Ban Ki-moon, the United Nations Secretary General, has said that he would personally like to see a woman lead the United Nations for the first time since it was established more than 70 years ago.
Ban Ki-moon will be completing his second five-year term on 31 December this year.
And the outgoing UN secretary general has said that "it's high time now" for a female secretary-general after eight men at the helm of the world organization.
There are currently 11 candidates vying to succeed Ban, six men and five women.
However, Ban Ki-moon stressed that the decision isn't up to him; it's up to the 15-member Security Council which must recommend a candidate to the 193-member General Assembly for its approval.
Meanwhile, Ban Ki-moon’s hometown Eumseong is abuzz with speculations over him running for the presidential elections of South Korea scheduled for 2017.
According to a report in The Washington Post, the domestic political scene in South Korea is in a state of disarray, with no clear conservative successor to President Park Geun-hye and an opposition mired in infighting.
The report says that Ban Kimoon meets President Park at every multilateral meeting where they’re both present, and one particularly long meeting in New York earlier this year had South Korean columnists speculating they were hatching a plan for the presidency.
Quoting South Korean political analyst, the report further says that if Ban Ki-moon were to run for president, he would almost certainly win, since his name recognition and reputation are so high.
Responding to a question on his successor, Ban Ki-moon stressed last Wednesday that women comprise half the world's population and should be empowered and "given equal opportunities."
"We have many distinguished and eminent women leaders in national governments or other organizations or even business communities, political communities, and cultural and every aspect of our life," he said a day later in an Associated Press interview. "There's no reason why not in the United Nations."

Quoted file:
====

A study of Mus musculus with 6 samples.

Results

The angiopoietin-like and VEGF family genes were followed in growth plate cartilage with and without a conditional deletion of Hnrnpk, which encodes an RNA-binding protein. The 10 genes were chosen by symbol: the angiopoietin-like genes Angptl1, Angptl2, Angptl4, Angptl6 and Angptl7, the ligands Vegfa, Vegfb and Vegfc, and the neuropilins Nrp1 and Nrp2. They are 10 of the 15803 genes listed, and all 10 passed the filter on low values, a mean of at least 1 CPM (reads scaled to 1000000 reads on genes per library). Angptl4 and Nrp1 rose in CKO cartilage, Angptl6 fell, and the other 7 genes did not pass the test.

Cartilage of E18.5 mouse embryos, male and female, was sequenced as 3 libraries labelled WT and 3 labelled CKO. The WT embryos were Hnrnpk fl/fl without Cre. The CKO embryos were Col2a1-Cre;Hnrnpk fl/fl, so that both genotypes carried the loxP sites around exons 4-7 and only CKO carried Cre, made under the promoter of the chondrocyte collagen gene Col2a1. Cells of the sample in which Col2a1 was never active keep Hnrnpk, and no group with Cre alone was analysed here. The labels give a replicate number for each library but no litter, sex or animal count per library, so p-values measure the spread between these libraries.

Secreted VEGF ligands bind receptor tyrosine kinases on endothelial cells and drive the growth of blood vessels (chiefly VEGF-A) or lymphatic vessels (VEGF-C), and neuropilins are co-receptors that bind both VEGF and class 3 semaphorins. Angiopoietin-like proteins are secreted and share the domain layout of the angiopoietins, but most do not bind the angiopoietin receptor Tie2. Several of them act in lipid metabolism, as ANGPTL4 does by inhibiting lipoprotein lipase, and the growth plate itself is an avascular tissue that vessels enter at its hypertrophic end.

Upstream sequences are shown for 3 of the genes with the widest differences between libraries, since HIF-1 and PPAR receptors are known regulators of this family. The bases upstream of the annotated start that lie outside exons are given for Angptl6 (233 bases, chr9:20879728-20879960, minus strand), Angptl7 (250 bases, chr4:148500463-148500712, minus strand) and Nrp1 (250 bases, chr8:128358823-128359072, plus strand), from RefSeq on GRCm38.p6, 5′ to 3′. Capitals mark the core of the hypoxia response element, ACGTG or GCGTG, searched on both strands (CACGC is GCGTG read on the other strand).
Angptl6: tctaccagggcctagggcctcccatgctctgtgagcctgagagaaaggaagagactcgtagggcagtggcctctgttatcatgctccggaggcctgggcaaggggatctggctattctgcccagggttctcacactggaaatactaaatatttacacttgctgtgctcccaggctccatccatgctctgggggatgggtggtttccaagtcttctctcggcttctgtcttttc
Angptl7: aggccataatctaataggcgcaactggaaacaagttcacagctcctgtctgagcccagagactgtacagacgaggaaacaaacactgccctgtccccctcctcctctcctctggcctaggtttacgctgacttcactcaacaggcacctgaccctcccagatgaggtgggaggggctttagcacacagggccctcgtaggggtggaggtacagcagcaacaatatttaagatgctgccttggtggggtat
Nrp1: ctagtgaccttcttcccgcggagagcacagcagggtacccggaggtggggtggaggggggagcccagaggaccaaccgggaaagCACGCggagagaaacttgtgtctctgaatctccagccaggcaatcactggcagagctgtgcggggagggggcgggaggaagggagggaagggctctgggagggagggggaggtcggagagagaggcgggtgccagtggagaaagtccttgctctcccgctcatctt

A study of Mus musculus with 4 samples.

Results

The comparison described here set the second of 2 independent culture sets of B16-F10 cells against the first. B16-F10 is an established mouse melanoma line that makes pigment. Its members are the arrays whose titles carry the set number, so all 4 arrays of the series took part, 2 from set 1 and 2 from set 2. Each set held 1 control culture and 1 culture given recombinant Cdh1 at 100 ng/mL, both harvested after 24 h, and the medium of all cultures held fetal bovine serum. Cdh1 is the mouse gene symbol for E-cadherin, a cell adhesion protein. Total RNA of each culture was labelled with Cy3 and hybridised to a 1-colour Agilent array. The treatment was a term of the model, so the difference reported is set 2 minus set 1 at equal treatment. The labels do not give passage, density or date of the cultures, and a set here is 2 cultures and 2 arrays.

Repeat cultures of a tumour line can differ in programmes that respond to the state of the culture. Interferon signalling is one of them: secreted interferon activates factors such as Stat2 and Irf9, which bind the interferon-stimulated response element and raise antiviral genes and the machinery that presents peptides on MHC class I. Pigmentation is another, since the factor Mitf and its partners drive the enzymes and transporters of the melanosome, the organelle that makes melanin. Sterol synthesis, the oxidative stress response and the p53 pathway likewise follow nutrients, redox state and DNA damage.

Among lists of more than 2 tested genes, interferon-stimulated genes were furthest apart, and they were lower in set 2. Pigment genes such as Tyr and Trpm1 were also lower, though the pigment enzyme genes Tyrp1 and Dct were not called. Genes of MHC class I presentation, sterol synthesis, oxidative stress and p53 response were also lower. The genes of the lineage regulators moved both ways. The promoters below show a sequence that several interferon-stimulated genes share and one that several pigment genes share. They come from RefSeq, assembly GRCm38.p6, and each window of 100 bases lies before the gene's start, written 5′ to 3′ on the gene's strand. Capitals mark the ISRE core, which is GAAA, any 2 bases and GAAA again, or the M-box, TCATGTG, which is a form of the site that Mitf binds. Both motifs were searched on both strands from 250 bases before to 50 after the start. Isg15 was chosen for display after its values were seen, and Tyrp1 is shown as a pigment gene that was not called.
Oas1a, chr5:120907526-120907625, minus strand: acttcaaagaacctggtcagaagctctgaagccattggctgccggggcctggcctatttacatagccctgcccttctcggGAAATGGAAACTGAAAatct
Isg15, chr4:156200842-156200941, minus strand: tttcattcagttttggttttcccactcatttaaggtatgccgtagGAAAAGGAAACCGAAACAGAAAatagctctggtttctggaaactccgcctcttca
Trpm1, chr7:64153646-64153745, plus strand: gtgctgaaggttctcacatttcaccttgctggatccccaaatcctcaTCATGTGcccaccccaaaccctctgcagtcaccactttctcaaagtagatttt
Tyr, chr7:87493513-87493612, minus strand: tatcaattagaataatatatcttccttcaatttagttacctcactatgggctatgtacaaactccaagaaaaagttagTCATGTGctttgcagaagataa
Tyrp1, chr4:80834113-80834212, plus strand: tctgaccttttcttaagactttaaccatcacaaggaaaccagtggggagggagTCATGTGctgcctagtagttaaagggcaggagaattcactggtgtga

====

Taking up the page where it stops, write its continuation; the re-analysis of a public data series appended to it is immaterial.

"So that's my humble suggestion, but that's up to member states," Ban said in the AP interview last Thursday during a visit to the home of 99-year-old Libba Patterson in Novato where he spent his first days in the United States as an 18-year-old student from South Korea.
The Security Council has held two informal polls in which 12 candidates participated, and in each the highest-ranked woman was in third place, a disappointment to many. Former Portuguese Prime Minister Antonio Guterres, a former UN refugee chief, topped both polls.
In the first "straw" poll Irina Bokova of Bulgaria, who heads the UN Educational, Scientific and Cultural Organization, came in third but in the second she dropped to fifth.
In the second poll Argentina's Foreign Minister Susana Malcorra, who was Ban's former chief of staff, moved up to third. Former Croatian Foreign Minister Vesna Pusic, who placed last in the first poll, dropped out of the race.
The three other women candidates are New Zealand's former prime minister Helen Clark, Christiana Figueres of Costa Rica, and former Moldovan Foreign Minister Natalia Gherman.
The Security Council has scheduled another "straw" poll on 29 August and at least one, and possibly two, are expected to be held in September.
Ban spoke of the qualities he thinks are important for "any secretary-general, he or she."
The prospective secretary-general should have "a clear vision for the world of the future" and "strong integrity and commitment" to make progress toward peace and promote development and human rights, he said.
His successor should also have "strong compassionate and visionary leadership" and be able to articulate the importance of human dignity for vulnerable groups including women and girls, the disabled and "people in homosexual orientations and minority groups," Ban said.
"If not the United Nations, who will take care of those people?," he asked.